The Pan American Health Organisation (PAHO) says it has provided regional leadership and coordination of the COVID-19 response while helping member countries protect gains in other vital areas, including immunisation, prevention of non-communicable diseases, and expanded access to quality health care.
These and other highlights of PAHO’s technical cooperation between mid-2019 and mid-2020 are described in the 2020 Annual Report of the Director “Saving Lives and Improving Health and Well-Being”.
PAHO Director Carissa F Etienne presented the report today to health authorities from throughout the Americas who are meeting virtually this week for the 58th PAHO Directing Council.
The report noted that COVID-19 “has affected health, the economy, and the way of life in almost every country” in the Americas. It said the pandemic exposed severe inequities in and among countries and highlighted the particular vulnerabilities of certain population groups.
The report “laid bare profound structural weaknesses within health and social protection mechanisms in the region, highlighting the need for substantive reform and actions to ensure that countries continue toward the achievement of the ambitious goal of universal health by 2030”.
Against this backdrop, the report summarised PAHO’s strategies, interventions, and achievements in its main areas of technical cooperation during the reporting period. These areas include health systems and services; communicable diseases and environmental determinants of health; health emergencies; family, health promotion, and life course; non communicable diseases and mental health; and evidence and intelligence for action in health.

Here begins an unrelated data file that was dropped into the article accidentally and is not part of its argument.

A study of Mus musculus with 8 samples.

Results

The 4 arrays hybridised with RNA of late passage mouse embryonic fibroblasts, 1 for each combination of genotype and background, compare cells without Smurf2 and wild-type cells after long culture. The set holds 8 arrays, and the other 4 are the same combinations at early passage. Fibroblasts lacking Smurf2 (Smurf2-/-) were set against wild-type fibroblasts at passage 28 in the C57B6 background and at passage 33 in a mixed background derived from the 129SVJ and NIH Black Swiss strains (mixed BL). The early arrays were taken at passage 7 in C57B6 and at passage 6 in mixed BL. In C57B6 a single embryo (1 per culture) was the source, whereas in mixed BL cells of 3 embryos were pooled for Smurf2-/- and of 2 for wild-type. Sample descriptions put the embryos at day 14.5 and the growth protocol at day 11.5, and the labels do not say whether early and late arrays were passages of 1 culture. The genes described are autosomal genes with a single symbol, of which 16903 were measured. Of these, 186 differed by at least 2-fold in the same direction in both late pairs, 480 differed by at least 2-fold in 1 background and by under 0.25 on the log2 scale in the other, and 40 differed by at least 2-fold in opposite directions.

The report further highlighted special efforts to ensure improved health for all both during and beyond the pandemic, especially for those in conditions of vulnerability, reflecting the organisation’s overarching commitment to “leave no one behind”. It also described PAHO’s efforts to improve its internal efficiency and ensure continued transparency and accountability in all its operations.
“The health, social, and economic impacts of the pandemic will have far-reaching effects on progress for the achievement of national, sub regional, regional, and global health goals; on health financing and resource mobilization; and on our efforts and aspirations for health development with equity,” said Etienne in presenting the report.
“We fully recognize that massive and sustained interventions will be required—in both the immediate and foreseeable future—to control and contain COVID-19, to tackle increasing poverty levels, to reduce health and social inequalities and, very importantly, to position health at the centre of equitable and sustainable development,” she added.